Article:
Thailand Green Tea Powder

Macha (or Matcha) is the Japanese word for powdered green tea, and the most widely recognized name of this around the world. It actually came from China, but lost popularity there several hundred years ago. It was retained by the Japanese and became the main feature of the tea ceremony of that country.

Tea Plantation in Chiang Rai

Tea Plantation in Chiang Rai (Photo credit: chiangraibulletin.com)

Like so many other teas it has found a market niche as a healthy sort of thing to ingest, even as a means of losing weight. I won’t go into this here but we’ll instead enjoy the tea for the tea’s sake, sufficing it to say that it’s really, really good for you.

Thailand’s north has been producing tea in earnest since the early 80’s. Chiang Rai in particular produces sizeable quantities of high quality, Taiwanese style oolong, green tea, and maccha. The most widely available is from a company called Suwirun, which is based in Chiang Rai. They offer an extremely well priced, 100% certified organic macha powder. It’s about 100 baht for 50 grams (that’s a LOT of this stuff) and it has some excellent packaging too, this cool tin….

You can get it at a lot of shopping malls, specialty markets, etc. Paradise has an entire shop of their stuff on the first floor next to the Villa Market (across the hall from the royal projects farms shop, which is also very cool, great place to buy the lingzhi mushroom). There is a very sweet old man who runs it.

Some grocery stores have macha that is imported from Japan. This is always more expensive than the Thai stuff, and almost always has some sort of sweetener mixed in with it, making it useless for cooking. Stick with the local stuff that hasn’t been adulterated.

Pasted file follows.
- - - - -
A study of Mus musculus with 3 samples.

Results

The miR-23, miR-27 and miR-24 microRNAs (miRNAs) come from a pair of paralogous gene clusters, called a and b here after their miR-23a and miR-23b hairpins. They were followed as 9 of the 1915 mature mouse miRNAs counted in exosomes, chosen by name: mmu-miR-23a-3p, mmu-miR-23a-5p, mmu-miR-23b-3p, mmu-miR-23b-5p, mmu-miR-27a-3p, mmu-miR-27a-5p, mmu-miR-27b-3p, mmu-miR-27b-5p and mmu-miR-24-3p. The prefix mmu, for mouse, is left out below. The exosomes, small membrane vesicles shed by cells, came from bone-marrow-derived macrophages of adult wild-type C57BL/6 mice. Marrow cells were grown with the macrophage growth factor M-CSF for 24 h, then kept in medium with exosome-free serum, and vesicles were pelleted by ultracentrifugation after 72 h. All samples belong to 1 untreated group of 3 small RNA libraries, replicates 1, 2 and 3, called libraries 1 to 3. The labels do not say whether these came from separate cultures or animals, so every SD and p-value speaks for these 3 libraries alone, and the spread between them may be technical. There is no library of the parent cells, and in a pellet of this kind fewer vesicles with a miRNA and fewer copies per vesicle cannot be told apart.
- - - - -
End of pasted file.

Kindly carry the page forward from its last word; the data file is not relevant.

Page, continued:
Thai green tea powderHere’s what to do with it:

As a drink – it can be prepared hot or cold, has a vegetal sweetness but can stand sweetening. How much powder to how much water depends on taste, but I usually use about ¼ standard teaspoon to one normal coffee mug sized container, about 500 ml.. The Japanese beat it into the water with a bamboo whisk, but I usually just use a spoon or chopstick. If you whip it hard and long enough it will start to get creamy and frothy, this is really what is ideal, but it takes some practice and work.

I also drink it while I’m on the road or at the gym, etc. For this I will buy a 500 ml. bottle of water, take a sip, add about ¼ tsp of the powder, and shake it until it dissolves. Fresh, cold green tea in under a minute if you’re a good shaker.

As a food – I don’t have any recipes on hand but they are easy to find, and easy to make. I’ve done green tea sugar cookies and shortbread both a number of times, and they smell and taste great. The smell really stood out though, and on the one occasion when I cooked with guests that was the one thing they couldn’t stop talking about.

7 cups to your health and happy travels!